In small island nations, people know how climate change feels. They know how it smells. Climate activist Brianna Fruean is from Samoa.

BRIANNA FRUEAN: When the flood drains back into the ocean, it leaves piles and piles of mud.

SHAPIRO: When I met Fruean at the U.N. Climate Summit in Glasgow last year, she told me about the stench when floodwaters recede.

FRUEAN: I scooped mud out of my house, and sometimes there's so much mud, you can't get it all in time. And then it starts to smell. And that's an experience - a lived experience I have being from a frontline community.

SHAPIRO: On another Pacific island nation, Palau, people from all over the world recently gathered to secure commitments on preserving the ocean's health and fighting climate change. John Kerry is the U.S. Special Envoy for Climate. He helped start the first Our Oceans Conference in 2014, when he was U.S. Secretary of State, and he has just returned from Palau.


JOHN KERRY: Thank you very much - delighted to be with you.

SHAPIRO: This was the first time the conference took place in a small island nation. Palau spans hundreds of islands in the Pacific. What does the climate path that the world is on right now mean for Palau's future?

KERRY: Well, Palau will be less affected than atoll states - nation-states that are basically built on a reef ledge, if you will, that's above water - because it has mountains. It has elevation. So - but its connections, its infrastructure will be enormously affected because it'll lose their causeways at certain times. And ultimately - definitively, the connections between there - the islands will become more complicated. And low-lying houses in the harbor and so forth will all be affected.

SHAPIRO: And when you look at the commitments coming out of this conference, what immediate impact would those promises have on these small island nations?

KERRY: Well, very dramatic on those that will be able to have serious adaptation or even some building of resilience. And those are things that were on the table in the discussion. I mean, we wanted to have a conference for the first time ever in a small island state - a developing state - because they are the frontlines of this crisis. And for many, there are literally nations - today defined nation-state - that will disappear unless we move more rapidly to hold the Earth's temperature increase to the 1.5 degrees limit Celsius that was arrived at in Glasgow.

Right now, the latest IPCC report - that's the scientific report that comes from the U.N. scientific panel - has made it clear we're not getting the job done as a world, as a group of nations united. And 20 countries, the United States included - 20 countries - the largest economies in the world are responsible for 80% of all the emissions in the world. So if those countries don't move, there's no prayer of avoiding the worst consequences of the crisis, which is what we've been giving a warning about. So really, what we're trying to do is...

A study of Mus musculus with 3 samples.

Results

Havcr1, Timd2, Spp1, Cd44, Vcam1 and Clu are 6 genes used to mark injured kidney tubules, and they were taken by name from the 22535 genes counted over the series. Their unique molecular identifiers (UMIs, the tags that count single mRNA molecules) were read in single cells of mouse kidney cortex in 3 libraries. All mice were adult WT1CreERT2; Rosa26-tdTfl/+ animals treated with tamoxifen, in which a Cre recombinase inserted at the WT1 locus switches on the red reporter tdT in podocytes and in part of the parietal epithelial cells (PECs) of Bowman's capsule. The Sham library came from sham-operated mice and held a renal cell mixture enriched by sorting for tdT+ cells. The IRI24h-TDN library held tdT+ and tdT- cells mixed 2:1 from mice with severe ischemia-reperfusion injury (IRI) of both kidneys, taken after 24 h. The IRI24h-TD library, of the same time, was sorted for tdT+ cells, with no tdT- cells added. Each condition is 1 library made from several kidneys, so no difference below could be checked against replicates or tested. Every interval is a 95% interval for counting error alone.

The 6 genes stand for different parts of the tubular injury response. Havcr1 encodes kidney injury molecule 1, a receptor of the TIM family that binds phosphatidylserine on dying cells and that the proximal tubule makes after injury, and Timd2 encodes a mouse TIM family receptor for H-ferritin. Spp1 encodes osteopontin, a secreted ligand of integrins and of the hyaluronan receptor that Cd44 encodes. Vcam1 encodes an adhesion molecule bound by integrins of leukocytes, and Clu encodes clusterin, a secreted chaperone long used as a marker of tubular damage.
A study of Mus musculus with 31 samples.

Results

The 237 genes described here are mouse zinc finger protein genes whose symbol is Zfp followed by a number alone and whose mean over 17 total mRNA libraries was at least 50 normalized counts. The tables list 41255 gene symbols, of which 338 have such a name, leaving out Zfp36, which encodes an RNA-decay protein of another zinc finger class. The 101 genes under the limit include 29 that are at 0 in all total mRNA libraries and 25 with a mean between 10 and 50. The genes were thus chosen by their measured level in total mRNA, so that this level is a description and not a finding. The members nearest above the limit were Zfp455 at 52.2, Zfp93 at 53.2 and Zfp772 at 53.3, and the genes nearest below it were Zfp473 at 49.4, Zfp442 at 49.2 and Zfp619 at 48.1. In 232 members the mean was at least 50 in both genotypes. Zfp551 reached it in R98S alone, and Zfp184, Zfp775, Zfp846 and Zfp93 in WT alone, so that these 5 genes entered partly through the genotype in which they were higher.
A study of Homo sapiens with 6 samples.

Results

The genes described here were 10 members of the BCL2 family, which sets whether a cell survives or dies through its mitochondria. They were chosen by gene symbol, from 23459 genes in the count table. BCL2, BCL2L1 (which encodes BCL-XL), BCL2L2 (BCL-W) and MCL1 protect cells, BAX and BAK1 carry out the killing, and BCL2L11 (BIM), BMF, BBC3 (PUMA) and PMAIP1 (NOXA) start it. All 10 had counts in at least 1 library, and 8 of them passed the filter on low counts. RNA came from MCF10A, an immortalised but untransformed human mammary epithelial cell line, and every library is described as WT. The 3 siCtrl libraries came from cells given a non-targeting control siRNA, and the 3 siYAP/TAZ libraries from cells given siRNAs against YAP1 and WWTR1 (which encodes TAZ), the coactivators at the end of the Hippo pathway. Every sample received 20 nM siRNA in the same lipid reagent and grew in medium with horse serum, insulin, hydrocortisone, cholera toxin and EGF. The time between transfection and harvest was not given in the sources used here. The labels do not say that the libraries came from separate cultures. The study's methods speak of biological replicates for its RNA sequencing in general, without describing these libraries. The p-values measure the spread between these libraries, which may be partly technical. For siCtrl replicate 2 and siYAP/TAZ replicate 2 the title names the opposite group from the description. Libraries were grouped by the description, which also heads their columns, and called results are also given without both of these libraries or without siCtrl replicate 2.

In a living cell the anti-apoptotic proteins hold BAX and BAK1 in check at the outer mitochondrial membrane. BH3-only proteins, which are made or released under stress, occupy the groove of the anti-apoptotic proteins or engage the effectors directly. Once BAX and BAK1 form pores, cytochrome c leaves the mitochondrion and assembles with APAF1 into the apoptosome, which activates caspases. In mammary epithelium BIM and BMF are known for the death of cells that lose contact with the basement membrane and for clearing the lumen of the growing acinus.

SHAPIRO: And these small island nations say that those large countries that are disproportionately responsible for climate change owe the smaller, less responsible countries, specifically money. You mentioned adaptation and resilience. And coming out of the Glasgow Climate Summit, these developing countries did not get as much as they wanted. Do the commitments from the Our Oceans Conference that you've just returned from - do those promises provide the sorts of resilience measures that were lacking coming out of Glasgow?

KERRY: Some of them do. Some of them are commitments to do enforcement on fishing in the economic zones of the high seas where people are strip mining the ocean with these massive nets and there's no control whatsoever. Some of the commitments go to, you know, resilience and efforts to understand better what the damages will be. Some of them go towards early warning systems so that people will better understand what's coming at them and how to build and adapt in ways that could avoid some of that damage - early warning systems, for instance. So there's a lot on the table. There were 15 plus billion dollars' worth of commitments made at this conference with over 70 nations taking part in this small island state in the Pacific and about 400 individual commitments by NGOs, by countries, by corporations to do all kinds of...

SHAPIRO: Let me ask you about how dependable those commitments are because when the U.N. released its latest climate report earlier this month, the secretary general, Antonio Guterres, basically said countries and businesses are not keeping the promises they've already made.

KERRY: Some aren't - absolutely true. Some are not. And one of the things that was discussed in Palau was how to have a better accountability structure, more transparency. One of the things that's changing - has changed already - is that there are new satellite systems that are currently circumventing the planet that are instantaneously reporting on methane leaks, on CO2 levels. So companies previously have been able to make - or an individual supply chain or so forth - even a country has made a plan. And they've known there won't be a lot of accountability. Now there's a new accountability. You can - the old saying, you can't - you know, you can run, but you can't hide. Well, now you can't hide.


KERRY: And so I think there's going to be a new level of accountability.

SHAPIRO: That is former Secretary of State John Kerry. He is now the U.S. Special Presidential Envoy for Climate. Thank you for joining us again.

KERRY: Thank you. Transcript provided by NPR, Copyright NPR.